HOOVER, Ala. -- For the LSU Tigers, the descent was gradual against Mississippi State on Friday afternoon. The three-run lead the Tigers clung to for eight innings slipped away inch by inch.
In the ninth inning, the grip that looked so firm loosened. LSU's ordinarily reliable closer Nick Goody came on in what was to be the final frame of the game and was helpless to hold the lead. A double, a pair of singles and a sacrifice fly pulled the Bulldogs from Starkville, Miss., even at 3-3.
In the bottom of the 10th, the pressure became too much. With one out and Goody still on the mound, Mississippi State coach John Cohen walked up to the home plate umpire and spent several minutes looking over the lineup. LSU coach Paul Mainieri fumed as Goody was forced to wait. And then, after standing around for several minutes, the next batter hit a double, followed by a single off the glove of second baseman JaCoby Jones that sealed LSU’s fate, bringing home the game-winning run for Mississippi State, 4-3.
“It’s a very tough loss for us,” Mainieri said. “It was a game we seemingly had in hand. ... Unfortunately, it just didn’t go our way.”
Mainieri said he wasn’t pleased with the layoff his pitcher faced in the 10th inning.
“John had made some changes and somehow the umpire was confused about what changes were actually made,” Mainieri said. "He didn’t want somebody batting out of order, and quite frankly I was a little irritated.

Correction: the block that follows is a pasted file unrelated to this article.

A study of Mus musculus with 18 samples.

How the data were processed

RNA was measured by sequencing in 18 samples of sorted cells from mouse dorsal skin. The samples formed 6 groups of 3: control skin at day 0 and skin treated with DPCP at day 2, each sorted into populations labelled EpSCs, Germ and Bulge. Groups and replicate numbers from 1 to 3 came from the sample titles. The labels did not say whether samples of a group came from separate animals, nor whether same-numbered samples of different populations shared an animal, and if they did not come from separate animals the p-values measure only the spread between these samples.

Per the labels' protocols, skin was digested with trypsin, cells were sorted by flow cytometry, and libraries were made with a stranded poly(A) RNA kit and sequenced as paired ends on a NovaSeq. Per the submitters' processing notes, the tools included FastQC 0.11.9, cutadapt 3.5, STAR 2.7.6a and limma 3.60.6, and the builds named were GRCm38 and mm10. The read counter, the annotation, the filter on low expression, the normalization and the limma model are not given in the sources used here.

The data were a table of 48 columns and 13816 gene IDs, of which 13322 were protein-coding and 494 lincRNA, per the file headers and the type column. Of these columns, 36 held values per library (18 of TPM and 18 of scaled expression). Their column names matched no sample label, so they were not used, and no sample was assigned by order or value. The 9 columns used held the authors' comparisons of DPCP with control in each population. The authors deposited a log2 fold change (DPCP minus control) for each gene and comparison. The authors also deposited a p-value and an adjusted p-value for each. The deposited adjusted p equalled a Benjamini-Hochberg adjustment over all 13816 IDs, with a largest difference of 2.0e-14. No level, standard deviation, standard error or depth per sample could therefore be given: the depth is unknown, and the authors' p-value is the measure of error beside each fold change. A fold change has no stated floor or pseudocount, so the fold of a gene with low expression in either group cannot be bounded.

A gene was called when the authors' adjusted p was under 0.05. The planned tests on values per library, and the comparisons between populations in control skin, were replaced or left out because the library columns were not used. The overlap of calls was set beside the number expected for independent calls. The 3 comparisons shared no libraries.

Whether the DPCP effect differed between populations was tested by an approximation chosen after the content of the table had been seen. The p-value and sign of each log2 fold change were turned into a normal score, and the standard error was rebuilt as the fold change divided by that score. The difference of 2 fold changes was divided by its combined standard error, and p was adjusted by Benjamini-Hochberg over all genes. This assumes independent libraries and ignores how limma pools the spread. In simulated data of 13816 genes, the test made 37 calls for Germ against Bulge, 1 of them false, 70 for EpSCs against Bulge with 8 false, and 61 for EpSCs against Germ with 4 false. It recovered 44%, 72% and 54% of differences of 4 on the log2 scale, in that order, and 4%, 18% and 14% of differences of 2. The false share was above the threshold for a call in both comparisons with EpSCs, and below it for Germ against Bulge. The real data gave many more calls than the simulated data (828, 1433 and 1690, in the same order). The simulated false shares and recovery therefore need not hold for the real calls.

“Our pitcher is out there trying to pitch and all of a sudden he’s got to stand there on the mound for several minutes -- like icing a free throw.”
The fifth-year coach of the Tigers admitted, though, that it was somewhat the fault of his offense for failing to score from the second inning on.
LSU starting pitcher Ryan Eades walked the tightrope for six innings, walking four batters and giving up four hits without surrendering a single run. While designated hitter Ty Ross praised Eades work on the mound, Mainieri was bullish about his erratic performance.
“He looked good and he was definitely pounding the zone better,” Ross said. “He just seemed more confident.”
Mainieri rebuffed him, saying, “I wasn’t as upbeat about Ryan’s performance as they were. His command was not very good.”
As down as Mainieri and the rest of the team was, being bounced from the SEC tournament is not the end of the Tigers’ road. Mainieri said the loss is a tough pill to swallow, but it was important to remember the trip to Hoover was just the beginning.
“We’ll analyze it, put it in the rear-view mirror, and get ready for next week,” Mainieri said. “Obviously, next week is what really matters as we go forward.”
LSU will learn where it will play in the NCAA tournament on Monday.